Erika Marte '15
Erika Marte '15

Erika Marte ’15 will travel the world as a Thomas J. Watson Fellow for 2015-16. Marte’s project is titled “The Faces and Functions of Educational Volunteerism in the 21st Century.”

Twenty-eight Hamilton students have received Watson Fellowships over the past 17 consecutive years. Marte was one of two Hamilton seniors were among 50 national winners of the Fellowships. From nearly 700 candidates, 150 finalists were nominated to compete on the national level. Each fellow receives $30,000 for a year of travel and exploration outside the U.S.

Marte, a comparative literature major, wrote in her Watson proposal, “Given my own experiences as a beneficiary of many educationally focused volunteer programs, my goal is to explore the faces and functions of 21st century volunteerism within the domain of education. In particular, I want to understand how the social impact of various externally organized volunteer initiatives compares to that of those that spring up within local communities. I plan to focus on the relationship between those who volunteer and those who are the objects of their efforts.

“Juxtaposing international volunteer organizations and grassroots organizations run by members of the local community, I am interested in a comprehensive understanding of educational service in a cultural context.

“Given the growth of foreign volunteerism and the development of community based education programs, I want to develop a comprehensive and culturally sensitive understanding of their nature and impact.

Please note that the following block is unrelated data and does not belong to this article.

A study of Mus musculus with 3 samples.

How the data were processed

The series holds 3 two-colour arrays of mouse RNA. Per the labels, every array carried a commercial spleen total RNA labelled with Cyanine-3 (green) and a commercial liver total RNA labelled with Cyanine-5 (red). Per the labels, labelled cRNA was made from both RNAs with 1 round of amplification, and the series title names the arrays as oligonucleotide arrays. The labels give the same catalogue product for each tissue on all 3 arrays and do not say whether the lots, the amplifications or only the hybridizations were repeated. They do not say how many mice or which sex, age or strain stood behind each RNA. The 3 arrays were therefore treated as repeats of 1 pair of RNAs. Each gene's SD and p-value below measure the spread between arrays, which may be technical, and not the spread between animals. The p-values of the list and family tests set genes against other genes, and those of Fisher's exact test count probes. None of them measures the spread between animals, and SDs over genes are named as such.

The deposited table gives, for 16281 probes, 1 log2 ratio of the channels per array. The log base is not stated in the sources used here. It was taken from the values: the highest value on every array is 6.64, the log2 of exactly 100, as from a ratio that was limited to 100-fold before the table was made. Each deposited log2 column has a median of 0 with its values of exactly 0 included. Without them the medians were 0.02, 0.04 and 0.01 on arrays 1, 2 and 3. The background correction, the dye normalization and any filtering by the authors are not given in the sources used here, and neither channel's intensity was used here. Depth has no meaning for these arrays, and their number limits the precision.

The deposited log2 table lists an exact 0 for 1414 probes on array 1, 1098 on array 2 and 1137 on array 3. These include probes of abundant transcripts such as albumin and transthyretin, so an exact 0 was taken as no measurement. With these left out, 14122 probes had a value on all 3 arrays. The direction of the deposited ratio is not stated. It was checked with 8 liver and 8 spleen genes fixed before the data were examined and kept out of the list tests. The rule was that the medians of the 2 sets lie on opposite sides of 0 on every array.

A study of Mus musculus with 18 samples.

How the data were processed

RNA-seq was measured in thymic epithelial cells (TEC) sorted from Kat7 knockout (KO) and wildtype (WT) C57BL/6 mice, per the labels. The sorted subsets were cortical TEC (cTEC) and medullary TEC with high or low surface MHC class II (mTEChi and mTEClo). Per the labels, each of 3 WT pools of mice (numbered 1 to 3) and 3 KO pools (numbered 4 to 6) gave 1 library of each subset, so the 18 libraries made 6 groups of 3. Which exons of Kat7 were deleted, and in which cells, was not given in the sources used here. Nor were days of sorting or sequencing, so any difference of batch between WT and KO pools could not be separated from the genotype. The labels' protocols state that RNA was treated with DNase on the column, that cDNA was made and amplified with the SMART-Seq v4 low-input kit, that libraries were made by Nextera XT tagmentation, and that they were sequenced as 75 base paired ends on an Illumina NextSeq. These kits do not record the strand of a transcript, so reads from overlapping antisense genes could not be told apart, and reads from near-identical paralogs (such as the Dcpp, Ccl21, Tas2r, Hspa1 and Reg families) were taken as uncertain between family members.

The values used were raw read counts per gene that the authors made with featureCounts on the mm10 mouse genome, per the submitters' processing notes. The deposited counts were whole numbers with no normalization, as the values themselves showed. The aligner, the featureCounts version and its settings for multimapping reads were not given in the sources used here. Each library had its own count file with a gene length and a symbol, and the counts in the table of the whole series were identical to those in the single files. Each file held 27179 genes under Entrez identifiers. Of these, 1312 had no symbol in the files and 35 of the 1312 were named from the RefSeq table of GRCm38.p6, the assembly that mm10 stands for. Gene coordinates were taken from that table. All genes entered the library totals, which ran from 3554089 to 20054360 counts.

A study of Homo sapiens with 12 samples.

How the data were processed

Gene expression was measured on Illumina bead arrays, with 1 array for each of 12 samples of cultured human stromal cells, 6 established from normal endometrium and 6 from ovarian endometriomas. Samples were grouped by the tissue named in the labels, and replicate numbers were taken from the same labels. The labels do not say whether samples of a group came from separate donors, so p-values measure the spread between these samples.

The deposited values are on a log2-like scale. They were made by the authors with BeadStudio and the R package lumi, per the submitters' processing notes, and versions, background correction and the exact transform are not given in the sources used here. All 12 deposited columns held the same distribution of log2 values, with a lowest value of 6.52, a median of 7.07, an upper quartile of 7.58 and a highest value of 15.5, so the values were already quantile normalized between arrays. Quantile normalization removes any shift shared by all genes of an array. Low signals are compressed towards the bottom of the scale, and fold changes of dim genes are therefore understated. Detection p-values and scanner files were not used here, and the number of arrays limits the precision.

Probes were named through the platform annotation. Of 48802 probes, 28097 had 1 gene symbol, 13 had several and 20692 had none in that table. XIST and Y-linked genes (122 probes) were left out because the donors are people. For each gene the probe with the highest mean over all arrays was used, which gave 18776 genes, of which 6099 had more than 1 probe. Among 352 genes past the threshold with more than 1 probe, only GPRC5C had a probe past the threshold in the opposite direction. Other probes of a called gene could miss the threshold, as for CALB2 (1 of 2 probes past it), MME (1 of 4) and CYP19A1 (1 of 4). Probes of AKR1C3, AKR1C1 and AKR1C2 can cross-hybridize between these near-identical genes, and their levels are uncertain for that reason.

“This project will explore five countries—Thailand, India, Tanzania, Brazil and Spain—and the dynamics of local and international volunteerism within each. Starting with grassroots organizations and then reaching out to foreign-based ones, my goal is to develop an understanding of local needs and conditions.  In each country I will spend time with students and families receiving educational services. I will work alongside volunteer program directors, volunteers, outreach coordinators, teachers and board members. I will attend community meetings, school functions and events. I want to experience everything that one involved in educational volunteerism can.”

Marte was a recipient of the McKinney Prize in Hamilton’s recent Public Speaking Competition with the topic “I Am Afraid of Being a Woman.” In the competition, a prize is awarded to one student from each class for a 5-8 minute persuasive speech that is socially relevant and of interest to the extended Hamilton College community. (See the video of her speech)

Marte studied in Beijing through Associated Colleges of China in summer 2013 and participated in Hamilton’s New York City Program, “Labor, Immigration, and Reform in New York City’s History” that fall.  She interned with Human Rights First while on the New York Program.

She received a Gates Millennium Scholarship, awarded for academic excellence, community service and leadership, a Los Padres Foundation grant, awarded for academic excellence and passion to pursue post-secondary education and is a Higher Education Opportunity Program (H.E.O.P) student.

For three summers Marte was programming director intern and volunteer with New York City Urban Debate League, in Manhattan, where she directed summer debate camps for elementary, middle school and high school students and taught students rhetorical skills to help them advance to New York State Debate Finals.

As a Levitt Center Fellow in 2012 she conducted research on marginalized groups in Utica through community service efforts at the Johnson Park Center.

At Hamilton Marte is a member and cultural chair of La Vanguardia; volunteer tutor with Thea Bowman in Utica, NY; member and officer of Sigma Lambda Upsilon/Señoritas Latinas Unidas Sorority Inc.; member of Hamilton Action Volunteer Outreach Coalition; volunteer with the Johnson Park Center in Utica; and a member of the Black and Latino Student Union. She is a technology assistant with Audio Visual Services, a student assistant in the History Department and a lab monitor for the Academic Center for Excellence.      

She is the daughter of Yazmin Carrasco and Ramon Marte of the Bronx and is a graduate of Bronx School for Law, Government and Justice.